In a recent study, a nine-item questionnaire commonly used to measure patient satisfaction with care, the Visit-Specific Satisfaction Questionnaire (VSQ-9), did not identify differences in satisfaction with care between minority and white patients. However, analysis of responses to four VSQ-9 questions that specifically asked about direct interaction with physicians revealed that minority patients were significantly less satisfied with physician interaction than white patients. Measurements of patient satisfaction that use multi-item, composite indicators should also include focused comparisons of satisfaction with the care provided by the physician, concludes Donald A. Barr, M.D., Ph.D., of Stanford University.

In the study, which was supported by the Agency for Healthcare Research and Quality (HS09350), Dr. Barr compared responses to the VSQ-9 for overall patient satisfaction with a four-item subset of the VSQ-9 dealing with the quality of the direct physician-patient interaction. Participants were 537 highly educated primary care patients from an affluent area of California who completed the questionnaire during an office visit to one of the study physicians. For all nine questions of the VSQ-9 instrument, patients had to rate their responses from 1 for poor to 5 for excellent.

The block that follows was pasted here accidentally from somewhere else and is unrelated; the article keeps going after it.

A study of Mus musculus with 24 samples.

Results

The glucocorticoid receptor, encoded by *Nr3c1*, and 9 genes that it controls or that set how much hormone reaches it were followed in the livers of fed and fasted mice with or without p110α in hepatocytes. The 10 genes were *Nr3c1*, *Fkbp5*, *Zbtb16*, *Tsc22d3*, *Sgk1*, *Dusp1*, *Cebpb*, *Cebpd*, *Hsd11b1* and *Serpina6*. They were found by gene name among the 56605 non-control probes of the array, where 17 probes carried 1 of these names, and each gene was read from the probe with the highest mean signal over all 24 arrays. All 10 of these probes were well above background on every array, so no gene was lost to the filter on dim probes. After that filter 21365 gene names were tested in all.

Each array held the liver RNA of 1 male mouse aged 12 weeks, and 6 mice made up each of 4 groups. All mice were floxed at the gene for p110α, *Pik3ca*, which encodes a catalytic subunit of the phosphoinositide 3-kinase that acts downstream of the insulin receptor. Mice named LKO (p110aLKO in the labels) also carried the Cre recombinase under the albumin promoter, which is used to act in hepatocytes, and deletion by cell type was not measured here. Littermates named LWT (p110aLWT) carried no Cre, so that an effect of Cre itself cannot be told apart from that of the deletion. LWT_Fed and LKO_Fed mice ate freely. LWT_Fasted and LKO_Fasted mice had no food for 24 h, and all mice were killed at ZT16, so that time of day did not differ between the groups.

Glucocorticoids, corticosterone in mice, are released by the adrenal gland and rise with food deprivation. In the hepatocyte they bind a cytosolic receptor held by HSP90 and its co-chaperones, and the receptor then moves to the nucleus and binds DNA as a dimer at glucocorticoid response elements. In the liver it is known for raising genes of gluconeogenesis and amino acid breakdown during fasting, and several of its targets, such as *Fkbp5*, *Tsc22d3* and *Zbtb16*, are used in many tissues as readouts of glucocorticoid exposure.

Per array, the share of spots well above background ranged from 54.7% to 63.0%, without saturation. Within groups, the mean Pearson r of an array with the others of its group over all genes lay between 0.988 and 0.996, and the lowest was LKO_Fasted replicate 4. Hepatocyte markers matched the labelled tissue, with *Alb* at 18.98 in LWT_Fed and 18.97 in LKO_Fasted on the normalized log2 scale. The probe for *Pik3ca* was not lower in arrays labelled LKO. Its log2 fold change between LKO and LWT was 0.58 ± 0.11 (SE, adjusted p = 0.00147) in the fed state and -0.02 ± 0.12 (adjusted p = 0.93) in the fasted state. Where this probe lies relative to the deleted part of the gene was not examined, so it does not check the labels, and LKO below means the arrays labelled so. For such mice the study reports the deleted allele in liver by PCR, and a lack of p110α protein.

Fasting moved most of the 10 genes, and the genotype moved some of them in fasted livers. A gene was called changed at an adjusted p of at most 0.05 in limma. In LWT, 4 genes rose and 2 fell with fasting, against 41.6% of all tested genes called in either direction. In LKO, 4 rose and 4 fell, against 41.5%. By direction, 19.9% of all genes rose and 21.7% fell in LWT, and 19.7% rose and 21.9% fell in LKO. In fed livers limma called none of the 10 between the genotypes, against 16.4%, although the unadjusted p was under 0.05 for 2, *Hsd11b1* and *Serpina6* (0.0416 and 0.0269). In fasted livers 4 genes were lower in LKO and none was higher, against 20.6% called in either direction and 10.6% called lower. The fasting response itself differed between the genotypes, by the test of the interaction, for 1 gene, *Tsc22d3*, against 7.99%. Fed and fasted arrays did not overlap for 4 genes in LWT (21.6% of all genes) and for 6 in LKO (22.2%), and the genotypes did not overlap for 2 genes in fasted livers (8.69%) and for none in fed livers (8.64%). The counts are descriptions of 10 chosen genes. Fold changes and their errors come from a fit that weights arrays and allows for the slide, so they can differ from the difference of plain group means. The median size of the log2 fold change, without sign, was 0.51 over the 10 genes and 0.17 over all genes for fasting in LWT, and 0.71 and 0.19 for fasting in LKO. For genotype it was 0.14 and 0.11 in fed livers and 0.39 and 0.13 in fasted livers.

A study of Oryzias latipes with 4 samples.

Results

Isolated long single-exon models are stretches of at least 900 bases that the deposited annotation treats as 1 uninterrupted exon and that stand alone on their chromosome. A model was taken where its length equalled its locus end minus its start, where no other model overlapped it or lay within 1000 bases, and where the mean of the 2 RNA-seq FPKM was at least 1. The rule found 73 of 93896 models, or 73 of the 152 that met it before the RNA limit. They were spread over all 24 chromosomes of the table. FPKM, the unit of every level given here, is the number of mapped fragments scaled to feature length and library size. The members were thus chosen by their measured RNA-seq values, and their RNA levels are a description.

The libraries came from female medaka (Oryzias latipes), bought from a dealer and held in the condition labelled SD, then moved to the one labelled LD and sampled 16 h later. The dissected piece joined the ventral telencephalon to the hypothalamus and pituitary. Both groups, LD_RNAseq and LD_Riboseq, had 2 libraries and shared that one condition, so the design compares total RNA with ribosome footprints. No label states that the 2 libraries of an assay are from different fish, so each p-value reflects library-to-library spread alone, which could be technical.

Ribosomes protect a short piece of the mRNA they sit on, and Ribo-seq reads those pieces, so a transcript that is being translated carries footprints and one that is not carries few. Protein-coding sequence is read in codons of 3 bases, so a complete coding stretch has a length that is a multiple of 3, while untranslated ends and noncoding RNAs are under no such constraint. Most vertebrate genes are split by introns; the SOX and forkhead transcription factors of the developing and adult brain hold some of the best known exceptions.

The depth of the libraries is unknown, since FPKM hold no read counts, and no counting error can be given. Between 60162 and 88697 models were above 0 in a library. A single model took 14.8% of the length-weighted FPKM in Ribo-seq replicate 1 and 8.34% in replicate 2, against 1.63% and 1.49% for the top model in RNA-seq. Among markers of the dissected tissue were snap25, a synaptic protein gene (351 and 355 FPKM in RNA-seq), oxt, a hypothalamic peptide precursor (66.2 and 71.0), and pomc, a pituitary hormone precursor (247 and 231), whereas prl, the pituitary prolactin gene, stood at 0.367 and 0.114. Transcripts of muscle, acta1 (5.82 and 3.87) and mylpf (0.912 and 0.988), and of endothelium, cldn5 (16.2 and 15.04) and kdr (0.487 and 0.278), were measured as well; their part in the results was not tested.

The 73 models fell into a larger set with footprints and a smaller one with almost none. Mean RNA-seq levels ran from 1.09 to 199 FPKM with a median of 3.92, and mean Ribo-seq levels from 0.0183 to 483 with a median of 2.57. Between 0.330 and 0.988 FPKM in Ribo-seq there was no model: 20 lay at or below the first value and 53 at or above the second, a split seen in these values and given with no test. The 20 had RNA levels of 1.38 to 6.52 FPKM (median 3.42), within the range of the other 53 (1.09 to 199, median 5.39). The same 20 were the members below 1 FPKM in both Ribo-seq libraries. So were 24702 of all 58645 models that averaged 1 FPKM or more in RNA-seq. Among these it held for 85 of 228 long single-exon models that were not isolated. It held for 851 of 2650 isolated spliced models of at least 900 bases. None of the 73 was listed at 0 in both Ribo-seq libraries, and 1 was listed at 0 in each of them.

The first four questions pertained to satisfaction with access to care (waiting time for an appointment, convenience of the office location, getting through to the office by phone, and length of time waiting at the office). Questions 5 to 8 asked about satisfaction with the direct encounter with the physician (time spent with the doctor, explanation of what was done for them, technical skills of the doctor, and personal manner of the doctor), and question 9 asked about overall visit satisfaction. The total nine-item score did not identify a significant difference between white and minority patients with their overall satisfaction with their visit. However, minority patients rated the quality of their interaction with the same group of physicians significantly lower than white patients when demographic factors and aspects of the visit not involving the physicians were controlled.

See "Race/ethnicity and patient satisfaction: Using the appropriate method to test for perceived differences in care," by Dr. Barr, in the Journal of General Internal Medicine 19, pp. 937-943, 2004.